Princeton Cannabis Task Force moves ahead despite objections



The task force reaffirmed its recommendation to allow the retail sale of cannabis – but not to issue licenses yet for other cannabis-related businesses in Princeton – at its Dec. 16 meeting.


The task force recommended five commercial areas that could be zoned to permit cannabis retail businesses: the area around the Dinky train station on lower Alexander Street; the Jugtown neighborhood at the intersection of Nassau Street and Harrison Street; the Central Business District; Witherspoon Street, between Green Street and Leigh Avenue; and Route 206, near Cherry Valley Road.

There would be no minimum distance from churches, playgrounds and parks, but the proximity of cannabis stores would mirror the regulations for liquor stores. A liquor store must be at least 200 feet away from a school.

The federal drug-free zone around schools is 1,000 feet, but task force members said that since there is no evidence that the 200-foot requirement for liquor stores had led to under-aged drinking, the same 200-foot standard should apply to cannabis stores.

Meanwhile, the Princeton Public Schools weighed in on the issue, and sent its three-point position statement on allowing cannabis dispensaries in town to the Princeton Council. The school board approved the statement at its Dec. 14 meeting.

The school board urged the Princeton Council to adhere to the federal 1,000-foot buffer, or drug-free zone, around schools. New Jersey has legalized cannabis, but it is still illegal to possess or sell it under federal law.

The school board’s position statement acknowledged that state law allows a legal dispensary to be located closer than 1,000 to a school, but there is no law that would require the town to do so – nor is there any law that would stop the town from voluntarily adhering to the federal drug-free school zone buffer.

Its second point stated that the school district should receive a portion of the 2% sales tax proceeds from the sale of cannabis in the cannabis dispensaries. The money would be used to pay for school and public information campaigns about cannabis and its effects on the adolescent brain.

In its third and final point, the school board’s position statement sought a commitment from the Princeton municipal government, the Princeton Police Department and the dispensary owners to enforce state law to ensure that no sales would be made to anyone under 21 years old, which is the minimum age to purchase cannabis.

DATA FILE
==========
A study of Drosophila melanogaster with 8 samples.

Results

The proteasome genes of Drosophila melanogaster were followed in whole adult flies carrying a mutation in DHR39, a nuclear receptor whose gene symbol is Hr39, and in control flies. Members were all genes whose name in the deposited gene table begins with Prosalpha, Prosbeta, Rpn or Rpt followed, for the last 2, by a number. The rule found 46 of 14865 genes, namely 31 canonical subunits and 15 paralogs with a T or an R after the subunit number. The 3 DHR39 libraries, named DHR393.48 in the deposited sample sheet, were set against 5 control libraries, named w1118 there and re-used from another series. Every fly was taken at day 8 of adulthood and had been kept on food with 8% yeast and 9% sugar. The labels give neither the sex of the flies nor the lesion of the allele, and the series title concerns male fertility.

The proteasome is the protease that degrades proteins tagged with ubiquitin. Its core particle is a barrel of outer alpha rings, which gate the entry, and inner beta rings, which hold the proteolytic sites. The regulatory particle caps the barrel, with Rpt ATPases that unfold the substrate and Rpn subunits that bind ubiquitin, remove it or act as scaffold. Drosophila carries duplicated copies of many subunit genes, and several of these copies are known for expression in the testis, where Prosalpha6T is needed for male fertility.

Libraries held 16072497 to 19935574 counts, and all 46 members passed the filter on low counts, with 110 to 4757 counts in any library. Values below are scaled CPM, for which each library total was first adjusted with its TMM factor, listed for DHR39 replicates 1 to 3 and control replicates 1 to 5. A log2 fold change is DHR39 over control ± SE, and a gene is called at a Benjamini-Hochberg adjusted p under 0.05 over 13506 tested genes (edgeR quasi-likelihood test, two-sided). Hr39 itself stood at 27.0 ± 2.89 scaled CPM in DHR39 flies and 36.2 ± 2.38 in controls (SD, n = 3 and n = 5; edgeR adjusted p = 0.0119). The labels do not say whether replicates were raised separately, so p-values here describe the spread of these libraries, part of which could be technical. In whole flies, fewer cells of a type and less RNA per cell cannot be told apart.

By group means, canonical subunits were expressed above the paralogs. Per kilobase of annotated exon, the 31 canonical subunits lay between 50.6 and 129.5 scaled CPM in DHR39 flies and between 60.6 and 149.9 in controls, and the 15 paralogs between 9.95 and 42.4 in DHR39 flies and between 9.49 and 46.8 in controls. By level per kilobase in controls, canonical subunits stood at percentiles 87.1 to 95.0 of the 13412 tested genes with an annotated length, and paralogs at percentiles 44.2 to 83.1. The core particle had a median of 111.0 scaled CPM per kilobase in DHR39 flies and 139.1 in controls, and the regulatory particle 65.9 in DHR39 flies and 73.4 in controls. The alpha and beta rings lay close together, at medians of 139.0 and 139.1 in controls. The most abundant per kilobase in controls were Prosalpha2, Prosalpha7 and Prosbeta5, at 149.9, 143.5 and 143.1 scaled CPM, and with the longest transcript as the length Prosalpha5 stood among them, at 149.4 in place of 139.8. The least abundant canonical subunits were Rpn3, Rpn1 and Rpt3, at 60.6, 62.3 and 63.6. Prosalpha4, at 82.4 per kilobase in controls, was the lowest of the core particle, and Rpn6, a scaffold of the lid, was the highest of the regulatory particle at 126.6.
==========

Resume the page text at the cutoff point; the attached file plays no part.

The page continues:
At the Dec. 14 school board meeting, several attendees said they “applauded” the board’s position paper on cannabis dispensaries. Legalization of cannabis does not equate to commercializing it, and once a dispensary opens, it would be difficult to close it, said resident Jian Chen.

Shenwei Zhao praised the school board for its statement, and agreed that a 1,000-foot buffer should be enforced. But Abigail Kalmbach, who said she is interested in opening a cannabis dispensary, said the 1,000-foot buffer is “a little too much.” It would take away a lot of commercial areas where it could be opened, she said.

But the Princeton Cannabis Task Force was not buying any of the objections, and pushed forward with its recommendations – despite a suggestion by Princeton Councilwoman Eve Niedergang to consider revising it to address the concerns expressed by residents. She chairs the task force.

Task force member Milan Vaclavik said the group made its recommendations based on its research, and looked at the issue from multiple perspectives. He said he is not looking to modify the recommendations based on what he has seen or heard from the public.

“I stand by the recommendations,” Vaclavik said. They are only recommendations, and it would be up to the Princeton Council to accept some or all of them, he said.

Several task force members agreed with Vaclavik and indicated their continued support for the recommendations.

Task force member Tom Parker said the report was fact-based and supported by research.

“The outcry from the community seemed hysterical and scripted,” Parker said. Misinformation has been disseminated, which is not fair to the work that was done, he said.

Task force member Dean Smith said the group’s work was thorough. He said he was disappointed in the community’s reaction, and characterized some of the comments as “vitriolic.”

Smith said he was highly disappointed with the school board’s call to maintain the 1,000-foot buffer between dispensaries and schools, and that it was “unjustified until we view alcohol in a different manner.” Alcohol is more destructive, he said.

“I don’t think the evidence is there” that a liquor store’s proximity to a school has resulted in an increase in underaged drinking, he said.

“I think it’s a non-starter,” Smith said of the school board’s position that a 1,000-foot buffer should be maintained.

Niedergang said she emailed background information on the 1,000-foot drug-free school zone buffer to the school board and the “devastating effect” that the war on drugs had on Black and Brown people.

About 97% of the people who have been jailed for drug-related offenses are Black or Brown, and may have been caught up in that buffer, Niedergang said.

“I feel that people are speaking out so aggressively, that no amount of information we can provide will change their minds. I don’t see why we need to spend any more time on it,” Vaclavik said of the objectors.